Jase Robertson is a forgiving man and he’s seen a true miracle in his father’s life. He’s the first to admit his dad went down a rocky path but he’s also his father’s greatest cheerleader.
Jase Robertson’s Relationship With Phil
Jase Robertson’s relationship with his father got off to the worst start possible. At the time of Jase’s birth, Phil was in a stage of sex, drugs, and rock n’ roll. He called himself a heathen and a scumbag and admits his family was not his first priority.
The day Jase was born Phil was not by his mother’s side. He didn’t even seem interested in another son coming into the world. Jase explained, “Si went to the river to tell Phil that Kay was having a baby. I’ve always heard that Phil’s response was something to the effect of, ‘What do you want me to do about it?’ Si asked him, ‘What do you want to name him?’ Phil replied, ‘Name him after you.’ So I was given the name Jason Silas Robertson.”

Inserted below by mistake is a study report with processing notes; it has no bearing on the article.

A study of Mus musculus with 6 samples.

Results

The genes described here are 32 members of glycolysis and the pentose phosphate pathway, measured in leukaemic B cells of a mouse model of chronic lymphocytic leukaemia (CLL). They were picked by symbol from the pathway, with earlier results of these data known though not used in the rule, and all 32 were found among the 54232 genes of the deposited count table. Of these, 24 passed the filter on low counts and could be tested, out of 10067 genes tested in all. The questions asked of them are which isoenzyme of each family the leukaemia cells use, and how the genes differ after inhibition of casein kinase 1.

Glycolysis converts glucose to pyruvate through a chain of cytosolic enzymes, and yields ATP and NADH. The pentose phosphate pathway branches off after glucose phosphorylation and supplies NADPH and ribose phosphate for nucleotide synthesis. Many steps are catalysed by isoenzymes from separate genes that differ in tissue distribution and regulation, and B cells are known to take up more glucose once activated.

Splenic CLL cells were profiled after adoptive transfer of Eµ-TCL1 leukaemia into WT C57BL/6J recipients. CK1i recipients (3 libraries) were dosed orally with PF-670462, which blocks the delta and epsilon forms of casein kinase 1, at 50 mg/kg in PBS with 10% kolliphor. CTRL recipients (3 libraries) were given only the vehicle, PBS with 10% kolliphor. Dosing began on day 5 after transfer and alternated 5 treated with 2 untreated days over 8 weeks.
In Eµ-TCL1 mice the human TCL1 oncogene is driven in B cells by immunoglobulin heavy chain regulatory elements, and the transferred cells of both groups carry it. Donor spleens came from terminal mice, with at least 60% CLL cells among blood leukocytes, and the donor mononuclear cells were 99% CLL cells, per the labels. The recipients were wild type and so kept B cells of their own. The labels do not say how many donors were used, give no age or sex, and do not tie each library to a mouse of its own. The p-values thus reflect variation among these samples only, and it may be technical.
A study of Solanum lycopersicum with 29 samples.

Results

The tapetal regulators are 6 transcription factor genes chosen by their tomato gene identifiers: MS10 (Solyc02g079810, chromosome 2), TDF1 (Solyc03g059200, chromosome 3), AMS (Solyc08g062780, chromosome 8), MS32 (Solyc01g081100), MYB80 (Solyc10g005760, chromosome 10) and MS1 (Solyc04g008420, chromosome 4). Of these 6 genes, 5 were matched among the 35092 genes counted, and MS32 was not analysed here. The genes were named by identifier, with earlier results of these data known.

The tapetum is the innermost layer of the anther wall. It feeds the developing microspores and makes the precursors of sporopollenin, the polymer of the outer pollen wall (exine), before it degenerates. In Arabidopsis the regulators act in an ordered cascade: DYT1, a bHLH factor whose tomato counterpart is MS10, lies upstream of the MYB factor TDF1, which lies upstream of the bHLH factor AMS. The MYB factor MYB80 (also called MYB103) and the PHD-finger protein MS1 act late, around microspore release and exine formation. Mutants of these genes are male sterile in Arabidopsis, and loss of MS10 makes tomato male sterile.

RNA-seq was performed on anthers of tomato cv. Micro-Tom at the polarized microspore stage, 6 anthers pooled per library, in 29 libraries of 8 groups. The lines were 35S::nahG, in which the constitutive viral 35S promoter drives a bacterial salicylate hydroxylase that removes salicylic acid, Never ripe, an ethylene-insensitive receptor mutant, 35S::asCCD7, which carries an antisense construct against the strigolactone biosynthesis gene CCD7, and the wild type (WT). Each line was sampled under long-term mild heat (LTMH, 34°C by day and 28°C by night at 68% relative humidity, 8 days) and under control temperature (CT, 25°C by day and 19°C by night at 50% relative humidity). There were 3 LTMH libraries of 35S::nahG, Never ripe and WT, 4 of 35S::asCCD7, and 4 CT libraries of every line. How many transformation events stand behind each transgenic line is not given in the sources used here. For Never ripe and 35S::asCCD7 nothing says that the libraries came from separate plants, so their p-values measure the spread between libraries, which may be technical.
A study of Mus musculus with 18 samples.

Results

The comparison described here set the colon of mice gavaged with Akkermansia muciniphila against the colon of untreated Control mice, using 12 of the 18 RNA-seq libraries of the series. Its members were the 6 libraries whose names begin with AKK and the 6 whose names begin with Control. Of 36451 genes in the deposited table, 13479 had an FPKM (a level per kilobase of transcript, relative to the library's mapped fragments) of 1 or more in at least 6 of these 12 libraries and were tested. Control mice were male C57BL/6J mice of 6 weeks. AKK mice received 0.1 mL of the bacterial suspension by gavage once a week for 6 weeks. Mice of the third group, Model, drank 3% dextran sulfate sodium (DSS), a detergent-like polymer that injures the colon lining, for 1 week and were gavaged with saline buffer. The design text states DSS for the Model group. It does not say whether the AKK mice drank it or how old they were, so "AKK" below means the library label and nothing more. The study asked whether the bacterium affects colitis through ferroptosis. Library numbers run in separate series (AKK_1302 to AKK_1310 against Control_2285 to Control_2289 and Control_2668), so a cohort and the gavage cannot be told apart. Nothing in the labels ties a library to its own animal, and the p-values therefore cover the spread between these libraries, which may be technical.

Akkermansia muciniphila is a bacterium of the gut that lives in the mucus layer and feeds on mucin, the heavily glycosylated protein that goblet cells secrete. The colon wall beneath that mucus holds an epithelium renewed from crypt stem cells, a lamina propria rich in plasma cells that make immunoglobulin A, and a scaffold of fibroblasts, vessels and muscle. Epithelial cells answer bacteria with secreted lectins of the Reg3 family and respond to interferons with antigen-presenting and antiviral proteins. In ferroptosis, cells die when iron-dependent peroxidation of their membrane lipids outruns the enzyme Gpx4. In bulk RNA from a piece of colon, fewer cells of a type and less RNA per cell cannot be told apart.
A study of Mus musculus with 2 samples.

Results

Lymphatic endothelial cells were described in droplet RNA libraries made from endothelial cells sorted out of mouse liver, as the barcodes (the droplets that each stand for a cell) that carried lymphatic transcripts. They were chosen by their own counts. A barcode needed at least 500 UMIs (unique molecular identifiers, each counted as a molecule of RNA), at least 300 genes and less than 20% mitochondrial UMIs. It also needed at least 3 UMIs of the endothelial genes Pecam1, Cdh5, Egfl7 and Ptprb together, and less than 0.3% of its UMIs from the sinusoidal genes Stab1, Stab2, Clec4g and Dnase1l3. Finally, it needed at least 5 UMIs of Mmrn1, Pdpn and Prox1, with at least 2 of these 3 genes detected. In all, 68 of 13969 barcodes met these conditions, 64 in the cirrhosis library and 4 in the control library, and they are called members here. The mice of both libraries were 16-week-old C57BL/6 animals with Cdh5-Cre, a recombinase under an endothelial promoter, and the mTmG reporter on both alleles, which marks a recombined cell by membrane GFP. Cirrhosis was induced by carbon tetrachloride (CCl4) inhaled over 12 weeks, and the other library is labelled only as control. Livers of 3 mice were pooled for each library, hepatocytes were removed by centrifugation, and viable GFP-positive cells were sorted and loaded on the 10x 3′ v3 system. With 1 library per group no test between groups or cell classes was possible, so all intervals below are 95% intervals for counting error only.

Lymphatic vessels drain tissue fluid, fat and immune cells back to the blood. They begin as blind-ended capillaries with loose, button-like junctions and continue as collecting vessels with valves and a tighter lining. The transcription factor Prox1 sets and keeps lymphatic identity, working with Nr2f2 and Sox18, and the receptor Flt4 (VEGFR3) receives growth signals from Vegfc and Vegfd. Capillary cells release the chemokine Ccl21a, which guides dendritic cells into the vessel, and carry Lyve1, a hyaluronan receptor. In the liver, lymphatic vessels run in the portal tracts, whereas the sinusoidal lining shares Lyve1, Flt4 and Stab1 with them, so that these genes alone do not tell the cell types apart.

Of course, now Jase can laugh about it. He even added, “Maybe that’s why Si and I love to argue so much. My dad called me ‘Jase’ about half the time, and somewhere through the years the name stuck.” While many sons might harbor resentment from an estranged father, Jase was able to move on.
Jase saw a change in his dad during his childhood. He wrote, “I was probably eight when I realized this change was going to be permanent and for the better.” Phil found Jesus Christ and immediately turned away from his sinful ways. This meant he was now available to be the father his sons needed.
After a while, Phil and Jase were able to bond over their love for Christ. Jase recalled, “I had gone to a Bible Saturday and had gotten “stirred up” about this one called Jesus. I asked my dad about it. And he told me that’s the same message he’d heard. Not long after that conversation, Phil and I waded into the Ouachita River and he baptized me. I then realized why he was a new creation.”
It’s crazy to think that Jase Robertson could go from being fearful for his father to being baptized by him. What a beautiful story of God’s redemption and hope.